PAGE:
As the conflict in Wisconsin over Gov. Walker's proposal to strip unions of their right to collective bargaining continues, I find that many still do not understand what the debate is all about and why Walker's actions are terribly wrong and even deeply immoral.
First, let us dispel a few red herrings. This debate is not about whether unions have their flaws and foibles. Unions, like any other organization, have weak points, make mistakes, and are imperfect. So what? The criticisms of unions are no different than any other type organization. Second, the debate in Wisconsin has nothing to do with "balancing a budget" or "reducing the state deficit." To begin with, taking away the right of unions to bargain collectively does ABSOLUTELY NOTHING to reduce a deficit. Even worse, since Walker created the so-called deficit by giving tax breaks to his rich donors and even refusing stimulus money and the jobs that would be created by high speed rail, he can hardly say that we "must" strip unions of anything, let alone their right to bargain collectively!
Second, there are those who think this is about union members' greed. The unions have agreed - I would not have - to the cuts in their pensions and to pay more for health care. They insist only on holding onto to collective bargaining. Furthermore, many of the same people who insists that teachers are greedy for having a good health care plan also claim (out of the other side of their face I guess) that we have no right to raise any taxes on millionaires! If I hear from someone that millionaires should be given a break from their estate tax, but that teachers getting a solid pension is what we should really cut, I will simply laugh off this kind of stupidity and address it no further.
Third, I hear, all too often I am afraid, that public employees should not be given "fat benefits" that private employees lack. This is just absurd! If you think that public employees enjoy better jobs than their private sector counterparts, then you should fight to bring back union membership to private workers, to get them those "fat benefits," rather than want to remove them from public employees! Again, however, this misses the point. Unionized public employees and their allies are not fighting for better benefits, but for their right to bargain collectively! Let's please stay on track here.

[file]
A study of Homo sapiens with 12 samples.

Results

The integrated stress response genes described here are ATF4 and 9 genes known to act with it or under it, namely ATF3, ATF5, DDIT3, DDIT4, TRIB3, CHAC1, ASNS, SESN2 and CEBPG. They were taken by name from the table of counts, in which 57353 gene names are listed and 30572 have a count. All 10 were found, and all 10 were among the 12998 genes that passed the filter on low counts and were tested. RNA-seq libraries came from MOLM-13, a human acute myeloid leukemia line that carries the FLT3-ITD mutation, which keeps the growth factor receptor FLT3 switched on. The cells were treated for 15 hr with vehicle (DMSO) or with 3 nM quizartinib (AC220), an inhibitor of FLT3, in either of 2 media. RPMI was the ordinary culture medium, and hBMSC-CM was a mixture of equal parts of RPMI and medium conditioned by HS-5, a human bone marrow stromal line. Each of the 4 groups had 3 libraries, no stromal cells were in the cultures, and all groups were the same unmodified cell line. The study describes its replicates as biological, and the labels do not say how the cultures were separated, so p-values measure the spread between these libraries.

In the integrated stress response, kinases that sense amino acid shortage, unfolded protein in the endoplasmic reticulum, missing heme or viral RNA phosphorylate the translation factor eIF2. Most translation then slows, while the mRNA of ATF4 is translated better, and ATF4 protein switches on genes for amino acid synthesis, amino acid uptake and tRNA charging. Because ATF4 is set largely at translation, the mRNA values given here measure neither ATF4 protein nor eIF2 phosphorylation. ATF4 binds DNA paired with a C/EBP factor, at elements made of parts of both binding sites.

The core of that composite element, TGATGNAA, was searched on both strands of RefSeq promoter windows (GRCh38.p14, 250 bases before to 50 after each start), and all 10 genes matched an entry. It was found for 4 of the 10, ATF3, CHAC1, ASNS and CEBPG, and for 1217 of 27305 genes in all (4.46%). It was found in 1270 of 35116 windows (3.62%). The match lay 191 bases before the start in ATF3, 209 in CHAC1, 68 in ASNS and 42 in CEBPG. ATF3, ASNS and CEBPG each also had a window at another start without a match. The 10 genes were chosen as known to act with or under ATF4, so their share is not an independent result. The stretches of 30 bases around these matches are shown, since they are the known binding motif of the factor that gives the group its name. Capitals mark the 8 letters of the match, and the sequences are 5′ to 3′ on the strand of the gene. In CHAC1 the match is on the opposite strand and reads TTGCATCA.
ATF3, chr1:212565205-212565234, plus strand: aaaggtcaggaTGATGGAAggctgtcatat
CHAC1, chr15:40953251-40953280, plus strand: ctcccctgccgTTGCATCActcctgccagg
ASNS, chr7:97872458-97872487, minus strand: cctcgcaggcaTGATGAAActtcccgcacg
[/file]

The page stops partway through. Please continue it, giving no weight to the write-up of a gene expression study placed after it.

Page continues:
These red herrings dispelled, we can now look at the justification for the existence of unions. In the employee/employer relationship the employer has all the power. The employer pays the wages, hires and fires, decides who takes breaks, when, and for how long, and so forth. If each employee must face their employer alone, they simply lack the power to fight for better wages, more time off, better working conditions, etc. The only way for employees to have anything like the power of their employer in this relationship is to come together and bargain collectively. This is what a union is, this is why unions are needed, and this is why their right to collectively bargain must be preserved.
The heart of the Battle in Wisconsin, and other states, is the battle to allow working people some power, some equality, some voice in determining their working conditions. As the collapse of unions in the private sector has already made clear, when unions go, working conditions for people fall dramatically. Without the existence of unions the power is solely in the hands of the employer, and we should all have long since understood that history clearly reveals that in any and all relationships where the power is all one side, the powerless never find themselves treated justly.